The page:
AT&T to pay Washington prisoners’ families $45 million in telephone class action settlement

UPDATED 3:50 p.m.

AT&T has agreed to settle a class action lawsuit involving collect calls made from Washington State prisons for $45 million, making at least 70,000 families eligible for payments.

The settlement, filed late Friday in King County Superior Court, ends a 12-year lawsuit that pin-balled between the state Supreme Court, the state Utilities and Trade Commission and King County Superior Court. Filed in 2000, the lawsuit accused AT&T and other phone companies of failing to disclose exorbitant rates for collect calls from prison. The case settled just as it was set to go to trial in King County to determine damages.

The lawsuit covers collect calls made between 1996 and 2000 from Department of Corrections facilities. The lawsuit was filed by family and friends of Paul Wright, editor of Prison Legal News and a former inmate in Washington State. Wright estimated that between 70,000 and 172,000 people could eligible for refunds, which include full reimbursement of the call charges, plus $200 per person.

At the time, those charges were $3.95 for the first minute and $.90 for each additional minute, according to Seattle attorney Chris Youtz, who pressed the class action case. After 20 minutes, the calls ended, requiring a new call, and a new surcharge. “The rates were ridiculous,” said Youtz.

Youtz said at least three people wracked up $20,000 in charges, according an analysis done during discovery in the case; others had $10,000 bills. Newspapers, such as The Seattle Times, and Columbia Legal Services, a nonprofit that monitors prison conditions, also likely will receive refunds for calls received from prisoners. If there is money left over after all class members who can be found are reimbursed – a big if, given the length of time that has gone by – some of the remainder will go to the Legal Foundation of Washington, which helps low-income people groups get lawyers, as well as to groups supporting prisoners’ families.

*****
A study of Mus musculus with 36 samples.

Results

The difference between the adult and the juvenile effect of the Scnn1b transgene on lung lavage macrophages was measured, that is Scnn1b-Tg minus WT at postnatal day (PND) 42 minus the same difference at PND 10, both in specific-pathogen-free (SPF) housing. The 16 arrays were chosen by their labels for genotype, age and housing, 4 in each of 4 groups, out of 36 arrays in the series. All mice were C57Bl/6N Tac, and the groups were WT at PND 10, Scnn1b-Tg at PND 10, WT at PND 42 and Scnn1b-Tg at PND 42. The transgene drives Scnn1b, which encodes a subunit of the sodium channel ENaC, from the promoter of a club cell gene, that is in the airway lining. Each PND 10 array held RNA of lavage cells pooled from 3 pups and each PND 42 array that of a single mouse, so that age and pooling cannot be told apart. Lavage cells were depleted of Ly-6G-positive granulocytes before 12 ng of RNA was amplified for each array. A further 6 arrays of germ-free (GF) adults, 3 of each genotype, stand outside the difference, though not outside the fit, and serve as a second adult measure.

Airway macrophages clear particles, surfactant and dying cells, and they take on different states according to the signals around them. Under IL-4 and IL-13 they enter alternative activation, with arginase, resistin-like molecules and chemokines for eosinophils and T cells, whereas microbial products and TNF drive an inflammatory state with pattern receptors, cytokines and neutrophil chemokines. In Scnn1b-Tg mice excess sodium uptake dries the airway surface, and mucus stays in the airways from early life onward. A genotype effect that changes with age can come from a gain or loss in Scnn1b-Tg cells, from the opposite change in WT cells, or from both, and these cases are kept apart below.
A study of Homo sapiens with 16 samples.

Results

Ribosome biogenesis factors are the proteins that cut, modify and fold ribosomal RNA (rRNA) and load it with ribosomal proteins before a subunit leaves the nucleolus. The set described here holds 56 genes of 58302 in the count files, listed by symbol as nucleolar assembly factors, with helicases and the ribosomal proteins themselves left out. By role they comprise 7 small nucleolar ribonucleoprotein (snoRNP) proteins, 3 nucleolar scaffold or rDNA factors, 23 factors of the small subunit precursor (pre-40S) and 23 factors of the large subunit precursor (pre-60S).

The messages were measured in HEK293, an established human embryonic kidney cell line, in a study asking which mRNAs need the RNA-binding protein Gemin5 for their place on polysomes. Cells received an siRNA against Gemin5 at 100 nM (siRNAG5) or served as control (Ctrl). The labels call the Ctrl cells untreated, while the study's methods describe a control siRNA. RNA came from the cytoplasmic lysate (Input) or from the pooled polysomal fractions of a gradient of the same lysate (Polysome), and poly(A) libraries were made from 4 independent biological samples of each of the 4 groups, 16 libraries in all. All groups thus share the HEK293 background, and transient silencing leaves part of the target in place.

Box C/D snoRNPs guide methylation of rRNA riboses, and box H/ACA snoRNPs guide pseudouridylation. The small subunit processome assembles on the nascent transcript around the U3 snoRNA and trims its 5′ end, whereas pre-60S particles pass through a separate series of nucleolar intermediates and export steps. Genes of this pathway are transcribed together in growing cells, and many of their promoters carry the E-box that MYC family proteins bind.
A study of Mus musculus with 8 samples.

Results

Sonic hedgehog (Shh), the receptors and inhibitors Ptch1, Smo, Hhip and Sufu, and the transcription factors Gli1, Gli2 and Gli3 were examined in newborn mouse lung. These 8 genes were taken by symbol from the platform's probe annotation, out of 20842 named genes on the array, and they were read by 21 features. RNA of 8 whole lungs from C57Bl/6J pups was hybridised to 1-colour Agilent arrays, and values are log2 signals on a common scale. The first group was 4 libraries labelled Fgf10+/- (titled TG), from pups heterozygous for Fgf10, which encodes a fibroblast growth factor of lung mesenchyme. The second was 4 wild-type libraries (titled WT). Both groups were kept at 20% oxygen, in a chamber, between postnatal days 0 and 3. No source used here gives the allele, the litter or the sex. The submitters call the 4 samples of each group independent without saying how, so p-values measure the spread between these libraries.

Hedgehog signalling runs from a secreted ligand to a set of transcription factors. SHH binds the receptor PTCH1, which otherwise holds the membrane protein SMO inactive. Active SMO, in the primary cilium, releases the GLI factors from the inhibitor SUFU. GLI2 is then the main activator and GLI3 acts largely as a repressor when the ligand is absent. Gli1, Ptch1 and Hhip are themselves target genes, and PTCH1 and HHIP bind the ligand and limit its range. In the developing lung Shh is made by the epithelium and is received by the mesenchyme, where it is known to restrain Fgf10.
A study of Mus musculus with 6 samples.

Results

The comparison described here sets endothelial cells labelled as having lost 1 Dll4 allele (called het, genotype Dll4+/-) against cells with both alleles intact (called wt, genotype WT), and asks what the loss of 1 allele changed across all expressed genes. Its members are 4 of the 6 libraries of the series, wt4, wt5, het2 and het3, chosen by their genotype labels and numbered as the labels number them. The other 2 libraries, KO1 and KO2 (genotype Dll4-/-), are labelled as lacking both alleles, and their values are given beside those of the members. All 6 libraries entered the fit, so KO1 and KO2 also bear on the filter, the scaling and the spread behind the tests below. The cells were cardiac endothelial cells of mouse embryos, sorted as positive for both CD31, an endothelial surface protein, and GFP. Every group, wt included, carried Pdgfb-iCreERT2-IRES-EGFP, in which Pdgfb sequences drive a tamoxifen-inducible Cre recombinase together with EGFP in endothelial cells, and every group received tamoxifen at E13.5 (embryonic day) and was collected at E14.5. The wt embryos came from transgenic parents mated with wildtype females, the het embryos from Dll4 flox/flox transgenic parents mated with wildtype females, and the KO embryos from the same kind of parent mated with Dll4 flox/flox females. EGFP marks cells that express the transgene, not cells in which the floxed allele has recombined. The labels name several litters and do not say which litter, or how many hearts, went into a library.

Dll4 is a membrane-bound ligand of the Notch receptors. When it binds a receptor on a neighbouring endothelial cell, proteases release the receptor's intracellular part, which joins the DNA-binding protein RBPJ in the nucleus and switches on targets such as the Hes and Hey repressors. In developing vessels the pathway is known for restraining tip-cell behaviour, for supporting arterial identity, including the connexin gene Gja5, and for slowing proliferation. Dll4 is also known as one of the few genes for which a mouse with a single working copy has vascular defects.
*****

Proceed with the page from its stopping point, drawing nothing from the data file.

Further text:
Legal notices will be filed notifying people of the potential refund. AT&T spokesman Marty Richter sent the following statement:

While AT&T continues to believe that it followed all rules at issue in the lawsuit, we are pleased to see the litigation resolved in a way that, among other things, supports legal assistance for low income residents of Washington State and educational assistance for families of prison inmates in the state.

Youtz acknowledged the lawsuit – which attacked disclosure of the rates – was an “indirect way” to get at the charges themselves. Because the agreement between AT&T (and other telephone companies) and the Washington State Department of Corrections was approved by the Washington Utilities and Transportation Commission, a legal principal called the “filed rate doctrine” limits direct challenges, he said.

But it is an overdue victory against usury telephone rates charged to prisoners’ families. As with the DOC, telephone companies granted a monopoly to handle prison calls gave state prison departments a kickback – a revenue stream on the backs of prisoners’ loved ones.  (Washington’s DOC has since reduced its calling charges).

These arrangements directly undermine good policy: prisoners who maintain contact with their families have lower recidivism rates when they return to society.